Lewis, songwriting, company
I’m sorry to see the back of Lewis. Its blasted moors knitted tight with heather and the sea everywhere about, licking at the rocky coast have kept my mind occupied with peaceful thoughts mostly. I came for the quiet to write and walk. I have twenty new tunes scribbled on A4 and wailed onto cassette locked in an old briefcase in the boot. I queue for the ferry under high cloud and savour the sadness of departure like a sour sweet. There’s Friday night excitement in the air as folk stand around their cars gossiping and watering their dogs. The mainland is pulling us all back. The stillness here has an effect on you, making you reflective. You can hear your soul shifting in its sleep. I think of Glasgow’s grime and aggro and feel unprepared. I have bought a bottle of wine to celebrate later, it sits under the passenger seat like a red bomb. For two weeks I’ve done little else but cook, walk and write songs. I feel like a monk sprung from some retreat. My stomach leadens in anticipation of city anxiety and I don’t know whether what I feel feel is hope or dread. The rising hysteria of exit politics has continued unseen like distant gunfire. I could turn around and go back to the cottage and hole up for ever. I hear the metal groan of the boat ramp lowering and watch the foot passengers begin to file aboard. Trolley cases judder past, some farewell hugs are exchanged. People get back into their vehicles as the arrivals disembark and flood into the wilderness. Engines start as the last trucks ease onto the island. Everyone is fully laden.
I still have half finished songs turning in my head, bits that don’t belong anywhere. Gulls sail around the harbour fixing a bead on scraps. The ferrymen point and count with their clipboards and violent yellow tunics. We roll on. I find a seat on an outdoor deck as the ship grumbles away from the pier and pivots around. I’m looking back now, down the wake, watching Lewis recede as a chorus of car alarms breaks out below, triggered by the grinding vibration of the engines. It’s the sound of an insane electric menagerie howling a fevered valediction. We pass the last lighthouse and pick up steam, sunlight gently warming the moss and grass at the edge of the land. The ferry leaves a great white arc in the water as we turn south. To starboard I see the misty fingers of echoing headlands reach out into the Minch. Half-hidden by a low ridge the silver arms of two turbines cartwheel with enthusiasm. The hills of Harris slip into view and I enjoy the smug satisfaction of having been among them two days ago. I was there. White smoke from burning heather blows across a moor. The sea is a glimmering blue, the highest cliffs now turning almost purple. The wake has straightened into a runway of churned water. To gaze at such distant things is a luxury denied in town where everything is foreground. The city’s mad with stuff thrown in your face. To allow your eyes to stare into infinity is bliss.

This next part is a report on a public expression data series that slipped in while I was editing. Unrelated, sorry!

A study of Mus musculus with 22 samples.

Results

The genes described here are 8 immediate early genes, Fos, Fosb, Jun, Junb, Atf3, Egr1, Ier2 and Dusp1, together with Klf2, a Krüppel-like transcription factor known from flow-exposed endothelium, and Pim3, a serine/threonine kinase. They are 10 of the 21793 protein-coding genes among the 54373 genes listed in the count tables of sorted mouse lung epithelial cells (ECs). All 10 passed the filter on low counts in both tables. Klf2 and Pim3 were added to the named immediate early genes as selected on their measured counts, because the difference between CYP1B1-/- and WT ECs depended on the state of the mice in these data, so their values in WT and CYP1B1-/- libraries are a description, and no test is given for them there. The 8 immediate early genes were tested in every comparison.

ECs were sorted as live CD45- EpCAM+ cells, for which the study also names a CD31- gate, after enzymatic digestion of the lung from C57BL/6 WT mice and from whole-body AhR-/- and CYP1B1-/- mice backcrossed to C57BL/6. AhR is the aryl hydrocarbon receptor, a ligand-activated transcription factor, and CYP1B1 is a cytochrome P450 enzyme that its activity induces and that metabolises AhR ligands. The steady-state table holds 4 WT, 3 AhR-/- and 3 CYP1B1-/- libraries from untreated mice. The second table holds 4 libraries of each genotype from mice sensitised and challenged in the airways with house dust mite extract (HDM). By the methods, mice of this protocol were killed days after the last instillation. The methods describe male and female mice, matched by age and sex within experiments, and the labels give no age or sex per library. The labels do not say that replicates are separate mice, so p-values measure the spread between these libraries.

After a few hours on the open sea the sentinel mountains of Suilvan and An Teallach loom like colossi and guide us into Ullapool’s cervix. The beauty is astounding and renders me thoughtless, my brain an empty vessel carried by a heavy ship. The sun is hitting the scenery like a Hollywood premiere. There are probably a few rabbits out there, fresh from hibernation gadding about on the soft spring grass thinking — good lord the universe is gorgeous. I point the vehicle towards Inverness and put my foot down. If I can get beyond the great flaw of the Caledonian canal by five I’m winning. The Cairngorms flow past to my left, still snow-covered and barren. They lie like a huge secret, benign to the eye but almost certainly harbouring death by misadventure. WH Murray, the visionary mountaineer, tells a story about guiding a fifteen year old boy to the summit plateau there. Just before the top they get hit by a violent June blizzard and Murray realises they are both about to expire. He uses every ounce of experience he has to save the boy’s life but at every turn he is betrayed by nature like a sly curse. The kid is terrified, recognising the older man’s panic. They make it out alive and nothing is ever the same again.
I speed into the froth and filth of Glasgow and crack open the red bomb, telling my woman I’ve not worked so hard in my life. The phrase is so close to exaggeration it’s not funny. I’m exhausted and desperate for human company. I’m healed. Men can’t live without society. Men can’t live without women.